Adenosine triphosphate (ATP) is indeed a vital component of living organisms. ATP is an organic chemical that provides energy to the cells of living organisms. Without it, nerve impulses don't propagate, muscles don't contract, and a whole host of other things do not happen.
In answer to the first question, if ATP were to simply cease to exist in the creatures mentioned in the question, then those creatures would no longer be able to generate the light they use for bioluminescence.
A lot of different possibilities exist from this point forward. The bioluminescence is an adaptation that allows those creatures to increase their overall fitness. If the light helps a creature hunt, then their ability to capture prey is seriously hurt without the light. This could actually result in the extinction of the species. If the organism isn't finding food, then it cannot survive long enough to reproduce.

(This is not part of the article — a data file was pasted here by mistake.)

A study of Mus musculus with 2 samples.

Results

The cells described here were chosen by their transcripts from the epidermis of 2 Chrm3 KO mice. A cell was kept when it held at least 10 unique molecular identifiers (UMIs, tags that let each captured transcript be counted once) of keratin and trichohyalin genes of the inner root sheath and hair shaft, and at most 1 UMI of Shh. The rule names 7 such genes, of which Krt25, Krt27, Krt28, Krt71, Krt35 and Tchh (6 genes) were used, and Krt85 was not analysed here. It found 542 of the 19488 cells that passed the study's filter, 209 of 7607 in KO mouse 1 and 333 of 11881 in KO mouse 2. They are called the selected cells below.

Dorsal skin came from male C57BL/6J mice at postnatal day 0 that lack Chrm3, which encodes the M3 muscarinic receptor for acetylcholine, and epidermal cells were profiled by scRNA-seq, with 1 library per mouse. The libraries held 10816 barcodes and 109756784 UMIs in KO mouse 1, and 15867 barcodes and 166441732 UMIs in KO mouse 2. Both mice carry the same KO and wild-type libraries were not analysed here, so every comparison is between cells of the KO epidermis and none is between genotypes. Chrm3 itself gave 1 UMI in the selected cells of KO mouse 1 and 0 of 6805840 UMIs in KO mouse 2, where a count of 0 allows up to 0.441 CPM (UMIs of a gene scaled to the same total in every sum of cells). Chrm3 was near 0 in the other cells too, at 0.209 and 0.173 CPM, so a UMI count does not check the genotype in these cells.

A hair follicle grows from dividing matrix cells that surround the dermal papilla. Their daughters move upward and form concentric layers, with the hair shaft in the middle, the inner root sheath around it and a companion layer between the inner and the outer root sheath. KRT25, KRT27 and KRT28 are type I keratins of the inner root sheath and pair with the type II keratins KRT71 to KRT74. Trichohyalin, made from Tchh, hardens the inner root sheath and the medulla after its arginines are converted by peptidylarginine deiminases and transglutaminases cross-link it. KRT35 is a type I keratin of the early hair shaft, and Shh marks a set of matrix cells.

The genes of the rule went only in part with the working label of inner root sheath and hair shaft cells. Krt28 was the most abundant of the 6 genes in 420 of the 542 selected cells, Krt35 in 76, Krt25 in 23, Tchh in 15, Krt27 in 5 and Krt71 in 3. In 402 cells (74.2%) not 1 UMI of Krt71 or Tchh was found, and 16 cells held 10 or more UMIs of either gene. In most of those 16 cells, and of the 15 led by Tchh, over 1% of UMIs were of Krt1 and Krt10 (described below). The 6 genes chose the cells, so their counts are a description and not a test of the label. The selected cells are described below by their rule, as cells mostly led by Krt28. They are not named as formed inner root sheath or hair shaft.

Alternatively, the loss of ATP might cause a rapid evolutionary change within the organisms. This could mean that the organisms quickly develop another way to produce light apart from ATP. It could mean that the creatures figure out an alternative hunting method that works just as well without the bioluminescence. This second possibility might change a particular food chain and related food web, but that assumes the light-producing creature is forced to change the prey. The food web would actually be changed with the creatures going extinct too. Population numbers would increase below the now missing link, but organisms that were higher on the chain would suffer since a food source is now missing from the food web.